So what are macros anyways? “Macros” is short for macronutrients which are carbohydrates, protein, and fat. These macronutrients are the foundation of the “If It Fits Your Macros” diet.
What is IIFYM?
If It Fits Your Macros (IIFYM) is a diet plan with focus of helping individuals reach their health goals while tracking their macros rather than focusing solely on calories. This diet has been especially popular in the sports and bodybuilding community.
Nutrition is something that is completely different for each person. In order to get your individualized macronutrient distribution percentages, it’s best to consult a registered dietitian. Try to avoid the numerous online calculators which can give you inaccurate numbers or exaggerated caloric needs. For example, when I inputted my goal of gaining muscle into some of these calculators, they gave me crazy numbers like needing 150 grams of protein a day or to eat over 3,000 calories.
I consulted a RDN at the Kendall Reagan Nutrition Center to get my resting metabolic rate and body composition in order to then calculate accurate numbers. My customized plan had me slightly calorie surplus to eat about 2,000 calories/day and follow a 50% CHO, 30% fat, 20% protein breakdown.
Next, I tracked my food in MyFitnessPal. I upgraded to the free one month trial of MyFitnessPal Premium as there were a few more cool features here. On this app, it breaks down daily food into macros and shows how many grams of carbohydrates, protein, and fat are left for the day.
Throughout the process, I ate lots of lean protein sources like salmon, chickpeas, greek yogurt, chicken, eggs, and tofu. (Although, technically I could eat pretty much anything so long as it “fit within my macros”). Some of my favorite recipes to prepare were my nut-crusted salmon with roasted vegetables, egg frittata sliced up, and peanut butter-packed overnight oats. I ate most of the same things over and over so I didn’t have to deal with inputting a new recipe or food. During this time, I worked out about 5 times per week with a mix of weight training and cardio.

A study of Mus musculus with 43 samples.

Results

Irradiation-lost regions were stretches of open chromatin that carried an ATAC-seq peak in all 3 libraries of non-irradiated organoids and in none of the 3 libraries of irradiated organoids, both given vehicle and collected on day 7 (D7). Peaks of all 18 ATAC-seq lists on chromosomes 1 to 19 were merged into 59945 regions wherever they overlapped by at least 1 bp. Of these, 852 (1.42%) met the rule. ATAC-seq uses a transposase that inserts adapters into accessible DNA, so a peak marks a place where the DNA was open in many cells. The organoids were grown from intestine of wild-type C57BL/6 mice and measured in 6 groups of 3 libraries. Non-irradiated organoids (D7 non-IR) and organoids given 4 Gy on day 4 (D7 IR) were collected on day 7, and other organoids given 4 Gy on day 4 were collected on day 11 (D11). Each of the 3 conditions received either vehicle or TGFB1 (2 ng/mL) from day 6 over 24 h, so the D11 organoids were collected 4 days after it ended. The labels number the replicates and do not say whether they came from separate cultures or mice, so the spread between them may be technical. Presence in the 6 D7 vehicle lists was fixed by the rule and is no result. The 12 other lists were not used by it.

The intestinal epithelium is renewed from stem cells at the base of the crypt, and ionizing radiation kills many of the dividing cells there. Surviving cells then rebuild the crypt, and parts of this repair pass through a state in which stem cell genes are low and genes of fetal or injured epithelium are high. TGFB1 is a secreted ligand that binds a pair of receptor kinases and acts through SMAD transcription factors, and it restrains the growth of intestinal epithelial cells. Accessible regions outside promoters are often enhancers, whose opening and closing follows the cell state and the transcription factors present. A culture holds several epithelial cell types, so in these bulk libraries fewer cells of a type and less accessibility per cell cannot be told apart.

When I reassessed my body composition after 4 weeks, I had gained one pound of muscle. Although this initially excited me, I realized I was overall frustrated with the amount of time I had to invest in this process. I spent close to 30 minutes everyday inputting food and obsessing over my diet, trying to make it fit my macros perfectly.
I am back to my regular diet and workouts now–no tracking involved. The only thing I am doing differently is being more mindful of incorporating more lean protein into my diet, as this was an area I was lacking on. By checking in with a bioelectrical impedance scale, I’ve continued to gain small bits of muscle. However, aside from the scale, I’m all about non-scale victories:
- Seeing other numbers drop like pants sizes, waist inches, or health-related numbers
- Being able to run faster, lift heavier, or hike longer
- Getting more fruit and vegetable servings in throughout the day
- Noticing clearer skin, healthier hair, and stronger nails
- Feeling more energetic and focused
Being able to have a healthy relationship with both your body and food is no easy task. This is an area I’ve always struggled with—especially with the body image messages we are bombarded with. I have found freedom in ditching all the diets and listening to my body with Intuitive Eating instead. At the end of the day, regardless of clothing size or muscle mass, a healthy body is a body that can serve us well.
Like most all diets, If It Fits Your Macros has both pros and cons.
Pros: This diet focuses more on nutrients rather than just strictly counting calories. By sticking to a certain macronutrient breakdown and adjusting with a dietitian as needed, this diet may help dedicated individuals reach their fitness goals.
Cons: This diet still requires strict tracking to ensure macronutrients goals are being met. This can become tiresome and difficult in everyday life. This diet can also be abused and may give individuals an excuse to eat unhealthy as long as it falls in line with their macros.
Main Takeaways: If It Fits Your Macros is a diet that may be hard to stay on long-term. However, it may help individuals bring awareness to their overall diet and help them find a healthy macronutrient balance. If you are curious if this diet could fit into your lifestyle, seek advice from a registered dietitian for accurate recommendations.